Played leading roles in the presidential campaigns of Richard M. Nixon and Gerald R. Ford and served as secretary of the Army under both.
Mr. Callaway, known as Bo, had a long and varied professional life that included helping to develop Callaway Gardens, a vast azalea garden and resort in rural Georgia, and buying and expanding Crested Butte Mountain Resort in Colorado. His career in politics was comparatively short; he held elective office for just one term in the House, representing Georgia from 1965 to 1967. But he helped Republicans rise in the South in the 1960s and ’70s.
When he was elected to the House in 1964, he became the first Republican to represent Georgia since Reconstruction, and he spent much of his time in office fighting civil rights bills.
Two years later, he ran for governor. Although he won a plurality of votes, he lost to the Democratic candidate, Lester G. Maddox, a strident segregationist.
May 1973, Nixon nominated Mr. Callaway to become Army secretary. In that post, he oversaw troop reductions as the Vietnam War was ending and dealt with the transition to a volunteer Army. After Nixon resigned in the wake of the Watergate scandal in 1974, Mr. Callaway stayed on under Ford, Nixon’s successor, who enlisted him in his own presidential campaign.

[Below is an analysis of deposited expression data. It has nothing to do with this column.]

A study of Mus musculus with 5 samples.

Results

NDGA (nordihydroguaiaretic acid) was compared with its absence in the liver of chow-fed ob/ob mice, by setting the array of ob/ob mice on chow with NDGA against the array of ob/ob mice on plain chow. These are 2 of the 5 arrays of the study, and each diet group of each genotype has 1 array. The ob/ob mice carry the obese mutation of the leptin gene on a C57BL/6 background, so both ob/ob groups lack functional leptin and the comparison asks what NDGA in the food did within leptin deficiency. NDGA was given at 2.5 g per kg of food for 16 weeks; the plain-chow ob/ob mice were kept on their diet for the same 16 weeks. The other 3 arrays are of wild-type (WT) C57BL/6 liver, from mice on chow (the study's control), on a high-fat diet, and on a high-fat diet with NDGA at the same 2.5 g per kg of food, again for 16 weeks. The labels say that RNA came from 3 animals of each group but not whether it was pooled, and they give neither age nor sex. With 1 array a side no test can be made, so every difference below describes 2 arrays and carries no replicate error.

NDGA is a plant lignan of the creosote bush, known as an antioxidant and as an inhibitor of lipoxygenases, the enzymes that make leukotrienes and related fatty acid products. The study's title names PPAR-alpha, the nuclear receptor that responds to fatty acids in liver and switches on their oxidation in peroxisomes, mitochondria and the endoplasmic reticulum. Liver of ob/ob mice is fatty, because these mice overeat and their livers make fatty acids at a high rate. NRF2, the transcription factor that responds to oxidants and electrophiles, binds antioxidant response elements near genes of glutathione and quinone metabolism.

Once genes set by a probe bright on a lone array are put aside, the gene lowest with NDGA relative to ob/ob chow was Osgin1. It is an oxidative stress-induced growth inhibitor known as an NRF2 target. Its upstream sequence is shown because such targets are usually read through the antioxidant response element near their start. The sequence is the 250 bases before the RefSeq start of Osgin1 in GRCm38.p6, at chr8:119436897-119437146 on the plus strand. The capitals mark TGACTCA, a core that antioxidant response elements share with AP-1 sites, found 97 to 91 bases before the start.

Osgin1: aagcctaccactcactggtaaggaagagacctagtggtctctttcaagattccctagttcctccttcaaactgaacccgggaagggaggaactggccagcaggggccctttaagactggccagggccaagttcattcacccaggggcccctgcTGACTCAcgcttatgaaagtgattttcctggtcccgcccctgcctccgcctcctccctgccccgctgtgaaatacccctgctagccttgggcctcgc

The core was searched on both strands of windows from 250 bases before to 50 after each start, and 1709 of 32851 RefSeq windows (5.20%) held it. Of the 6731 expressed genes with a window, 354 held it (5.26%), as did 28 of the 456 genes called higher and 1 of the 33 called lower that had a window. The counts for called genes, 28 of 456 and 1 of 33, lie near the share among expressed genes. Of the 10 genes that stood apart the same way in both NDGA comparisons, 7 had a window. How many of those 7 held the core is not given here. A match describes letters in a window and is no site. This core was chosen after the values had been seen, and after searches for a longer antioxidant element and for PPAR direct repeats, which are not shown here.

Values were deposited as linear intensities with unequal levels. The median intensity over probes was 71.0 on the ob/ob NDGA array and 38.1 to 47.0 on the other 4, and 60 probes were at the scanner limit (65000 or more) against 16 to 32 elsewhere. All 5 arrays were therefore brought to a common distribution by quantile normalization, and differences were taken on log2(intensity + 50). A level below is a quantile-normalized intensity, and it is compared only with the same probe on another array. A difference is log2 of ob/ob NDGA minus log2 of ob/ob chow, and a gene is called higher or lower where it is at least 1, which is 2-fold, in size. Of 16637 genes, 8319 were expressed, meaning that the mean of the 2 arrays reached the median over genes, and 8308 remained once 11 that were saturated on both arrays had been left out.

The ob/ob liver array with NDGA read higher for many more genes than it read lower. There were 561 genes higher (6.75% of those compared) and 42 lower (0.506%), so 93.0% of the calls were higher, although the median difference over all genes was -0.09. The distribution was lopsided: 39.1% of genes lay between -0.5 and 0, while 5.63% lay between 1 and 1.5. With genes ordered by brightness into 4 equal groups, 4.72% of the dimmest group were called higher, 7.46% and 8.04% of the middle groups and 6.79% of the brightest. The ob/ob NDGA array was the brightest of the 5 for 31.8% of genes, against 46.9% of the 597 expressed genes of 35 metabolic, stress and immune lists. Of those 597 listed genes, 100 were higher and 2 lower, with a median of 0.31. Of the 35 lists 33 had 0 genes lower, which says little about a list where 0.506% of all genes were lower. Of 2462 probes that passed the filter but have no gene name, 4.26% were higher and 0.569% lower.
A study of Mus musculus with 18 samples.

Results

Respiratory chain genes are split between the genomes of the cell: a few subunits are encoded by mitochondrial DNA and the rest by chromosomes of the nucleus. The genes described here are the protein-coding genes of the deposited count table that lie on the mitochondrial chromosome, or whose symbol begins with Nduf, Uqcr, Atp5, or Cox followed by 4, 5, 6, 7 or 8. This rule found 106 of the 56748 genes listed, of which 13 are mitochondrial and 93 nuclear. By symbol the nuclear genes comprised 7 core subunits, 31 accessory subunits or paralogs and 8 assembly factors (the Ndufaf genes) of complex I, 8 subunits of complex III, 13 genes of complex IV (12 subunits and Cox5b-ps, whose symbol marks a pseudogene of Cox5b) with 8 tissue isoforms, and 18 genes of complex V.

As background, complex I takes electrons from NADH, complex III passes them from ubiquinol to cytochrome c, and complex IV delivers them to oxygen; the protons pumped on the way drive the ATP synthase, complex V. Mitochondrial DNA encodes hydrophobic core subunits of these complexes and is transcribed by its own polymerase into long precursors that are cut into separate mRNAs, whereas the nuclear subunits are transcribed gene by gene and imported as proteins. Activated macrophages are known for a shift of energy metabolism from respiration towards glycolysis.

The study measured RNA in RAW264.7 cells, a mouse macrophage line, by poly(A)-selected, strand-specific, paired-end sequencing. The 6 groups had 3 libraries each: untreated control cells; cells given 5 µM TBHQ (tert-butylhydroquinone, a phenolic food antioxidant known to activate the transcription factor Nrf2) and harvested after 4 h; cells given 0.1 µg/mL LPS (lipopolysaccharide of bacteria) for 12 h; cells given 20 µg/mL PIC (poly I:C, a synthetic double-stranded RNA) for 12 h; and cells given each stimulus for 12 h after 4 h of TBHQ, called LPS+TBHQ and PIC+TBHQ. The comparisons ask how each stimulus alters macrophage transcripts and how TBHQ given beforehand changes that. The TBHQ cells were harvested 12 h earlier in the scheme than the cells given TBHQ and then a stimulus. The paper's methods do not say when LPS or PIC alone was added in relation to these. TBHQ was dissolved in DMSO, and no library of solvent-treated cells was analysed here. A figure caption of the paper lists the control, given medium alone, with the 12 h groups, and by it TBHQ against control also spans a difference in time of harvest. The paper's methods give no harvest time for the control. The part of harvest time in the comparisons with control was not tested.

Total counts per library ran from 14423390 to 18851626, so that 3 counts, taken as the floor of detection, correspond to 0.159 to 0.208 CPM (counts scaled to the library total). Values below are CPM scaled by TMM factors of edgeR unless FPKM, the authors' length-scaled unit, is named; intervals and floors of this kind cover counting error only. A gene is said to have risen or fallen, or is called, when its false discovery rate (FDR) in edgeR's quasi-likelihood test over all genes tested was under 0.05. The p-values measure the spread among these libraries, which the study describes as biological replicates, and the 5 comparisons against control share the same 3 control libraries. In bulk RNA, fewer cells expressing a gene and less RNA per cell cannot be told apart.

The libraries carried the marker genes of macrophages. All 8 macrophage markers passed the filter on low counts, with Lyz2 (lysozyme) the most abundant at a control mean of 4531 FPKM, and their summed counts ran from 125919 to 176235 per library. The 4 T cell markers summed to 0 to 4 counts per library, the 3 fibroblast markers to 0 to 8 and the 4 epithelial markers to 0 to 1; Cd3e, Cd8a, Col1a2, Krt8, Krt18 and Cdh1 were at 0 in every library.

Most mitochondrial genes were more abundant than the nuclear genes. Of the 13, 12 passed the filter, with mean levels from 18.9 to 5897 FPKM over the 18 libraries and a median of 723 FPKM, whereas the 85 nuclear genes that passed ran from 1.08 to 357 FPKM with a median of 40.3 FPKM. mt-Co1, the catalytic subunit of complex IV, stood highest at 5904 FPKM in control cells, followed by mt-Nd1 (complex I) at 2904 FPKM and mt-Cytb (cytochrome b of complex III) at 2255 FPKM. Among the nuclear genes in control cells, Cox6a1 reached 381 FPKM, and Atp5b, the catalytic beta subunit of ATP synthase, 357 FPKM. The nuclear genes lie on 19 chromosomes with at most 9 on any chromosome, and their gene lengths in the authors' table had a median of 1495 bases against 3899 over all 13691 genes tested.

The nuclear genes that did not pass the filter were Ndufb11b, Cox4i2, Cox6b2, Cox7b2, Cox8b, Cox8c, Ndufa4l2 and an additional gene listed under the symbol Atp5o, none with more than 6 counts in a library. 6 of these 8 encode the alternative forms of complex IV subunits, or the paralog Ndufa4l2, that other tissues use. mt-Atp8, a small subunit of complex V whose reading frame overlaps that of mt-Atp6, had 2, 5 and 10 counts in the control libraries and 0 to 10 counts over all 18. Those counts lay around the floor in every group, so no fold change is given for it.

Mr. Callaway moved to Colorado in the 1970s and in 1980 ran unsuccessfully for the Republican nomination for Senate. The Republican candidate, Mary Estill Buchanan, the Colorado secretary of state, lost to the Democratic incumbent, Gary Hart.
He graduated from West Point in 1949 with a degree in military engineering, and served in the Korean War and was discharged in 1953.
He spent the next decade helping his parents, Cason and Virginia Callaway, develop Callaway Gardens, a 6,500-acre resort in Pine Mountain, near the Alabama border. Initially built to preserve azalea species, it now has golf courses and other attractions.
Elected as a Republican to the Eighty-ninth Congress (January 3, 1965-January 3, 1967); was not a candidate for reelection to the Ninetieth Congress in 1966
His survivors include two daughters, Elizabeth Considine and Virginia Martin; three sons, Howard Jr., Edward and Ralph; 16 grandchildren; and five great-grandchildren. His wife of 60 years, the former Elizabeth Walton, died in 2009.